Environmental violations may lead to closure of some projects: Govt memo


Environmental violations may lead to closure of some projects: Govt memo
The Ministry of Environment, Forest and Climate Change released an amnesty scheme for projects that violated environmental clearances (ECs). The Union government’s new standard operating procedure (SOP) for EC violations was laid out in an office memo dated July 7.
According to the memo, infrastructure and industrial projects that have no prior environmental clearance will be closed down and be assessed once again. Individuals associated with projects that violate norms will also have to shell out fines, while industrial projects will be demolished if they were ex post facto or retrospectively ineligible to receive clearances from the government.
Similarly, projects that have not sought clearances for increased production will have to revert to production quantities that they have clearances for. Projects that in the past did not require any governmental clearances will also have to restrict their production until they receive new ECs for their current production limits.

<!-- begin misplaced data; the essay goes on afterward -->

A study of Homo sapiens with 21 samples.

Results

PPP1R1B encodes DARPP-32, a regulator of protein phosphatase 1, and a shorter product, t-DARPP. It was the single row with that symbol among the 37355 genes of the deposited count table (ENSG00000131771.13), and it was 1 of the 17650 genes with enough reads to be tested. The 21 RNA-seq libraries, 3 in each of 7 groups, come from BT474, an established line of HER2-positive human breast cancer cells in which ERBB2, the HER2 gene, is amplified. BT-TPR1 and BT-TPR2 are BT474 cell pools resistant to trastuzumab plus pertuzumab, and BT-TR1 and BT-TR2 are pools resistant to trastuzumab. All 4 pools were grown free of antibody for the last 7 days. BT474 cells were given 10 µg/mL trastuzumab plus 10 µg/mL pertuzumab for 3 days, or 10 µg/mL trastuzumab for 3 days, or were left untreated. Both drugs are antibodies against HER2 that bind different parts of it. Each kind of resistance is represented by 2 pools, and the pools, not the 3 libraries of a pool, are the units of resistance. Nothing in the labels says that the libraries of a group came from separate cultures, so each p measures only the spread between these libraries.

While the draft Environment Impact Assessment (EIA), 2020, is still not ratified, the scheme is supposedly on the basis of a National Green Tribunal order dated June 3, 2021. The order stated, “For past violations, the concerned authorities are free to take appropriate action in accordance with polluter pays principle, following due process.”
The draft EIA Notification, 2020 allows industries that have operated without environmental clearances to now post facto apply for clearances. This allows all previously illegal industries to apply for fresh ECs, pay the associated fines and then be declared legal, according to the norms.
The new scheme, according to the office memo, will only be demolishing projects in rare cases where industries would never be eligible for environmental clearances in the first place.
"Even if the government wants to bring all projects within the regulatory process, this form of blanket process, irrespective of number, scale, size, age and impacts is against environmental principles and laws. Without any background justification for such a process, it appears that the ministry is only trying to dodge the risks from growing litigation against violating projects and ineffective regulators. So this is purely an exercise in political survival," said Manju Menon, Senior Fellow, Centre for Policy Research
Restricting illegal industrial projects, which are often exponentially more polluting than those that have to adhere to legal norms, is key to protecting the environment. EIA measures the economic benefit of a project against its environmental harm and seeks to find alternatives so that there is least harm.